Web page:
A New Ulm tourism official acknowledges a story he told news outlets about discovering a cast of Hermann the German's footprint in a basement crate was actually just a publicity stunt.
Terry Sveine now tells the Associated Press the New Ulm Convention and Visitor's Bureau actually hired an artist to make the four-foot-long mold, and then spread the story that it was found with a dusty note suggesting the ancient warrior's footprint had been shipped over from Germany.
New Ulm's most famous landmark is the 102-foot statue of Hermann, who led Germanic tribes to a battlefield victory over invading Romans in 9 A.D. The monument went up in 1897 to help the city celebrate its German heritage.
Sveine told the Mankato Free Press how the 425-pound cast of the footprint was found during a basement cleanup, saying "...in the way back corner in the back room was this box. It was all boarded up and dusty.” Sveine went on to describe a handwritten note found with the crate: "The note indicates it is Hermann's footprint and may have been made in Germany, but we won't know the whole story."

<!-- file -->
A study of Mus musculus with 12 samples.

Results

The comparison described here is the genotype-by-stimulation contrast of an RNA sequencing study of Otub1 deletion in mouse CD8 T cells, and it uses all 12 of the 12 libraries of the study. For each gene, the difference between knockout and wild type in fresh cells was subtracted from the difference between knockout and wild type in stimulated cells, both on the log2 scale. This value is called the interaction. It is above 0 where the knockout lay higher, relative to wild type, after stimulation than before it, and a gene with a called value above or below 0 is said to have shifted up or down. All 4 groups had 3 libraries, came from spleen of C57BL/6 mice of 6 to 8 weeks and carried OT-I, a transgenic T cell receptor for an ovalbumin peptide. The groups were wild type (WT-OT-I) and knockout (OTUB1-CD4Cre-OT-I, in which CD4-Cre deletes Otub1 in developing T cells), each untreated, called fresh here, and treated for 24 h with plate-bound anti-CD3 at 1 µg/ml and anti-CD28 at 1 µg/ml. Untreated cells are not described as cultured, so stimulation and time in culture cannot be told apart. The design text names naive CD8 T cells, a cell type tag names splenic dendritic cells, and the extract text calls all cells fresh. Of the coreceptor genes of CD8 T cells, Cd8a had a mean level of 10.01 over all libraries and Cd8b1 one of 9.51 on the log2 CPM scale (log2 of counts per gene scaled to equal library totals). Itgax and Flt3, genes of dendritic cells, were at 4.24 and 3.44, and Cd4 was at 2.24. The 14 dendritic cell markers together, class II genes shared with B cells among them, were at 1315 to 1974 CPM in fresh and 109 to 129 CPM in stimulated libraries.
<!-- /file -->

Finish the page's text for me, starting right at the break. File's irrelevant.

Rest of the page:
Sveine, of course, was unable to produce the note for the newspaper, which noted his account was rich in good-natured legend building but lacking in detail and verifiability.
But why let the facts get in the way of a good story? At its website the visitor's bureau is encouraging visitors to supply their own tales of where the giant footprint came from. The teller of the tallest tale even wins a prize: a trip to New Ulm.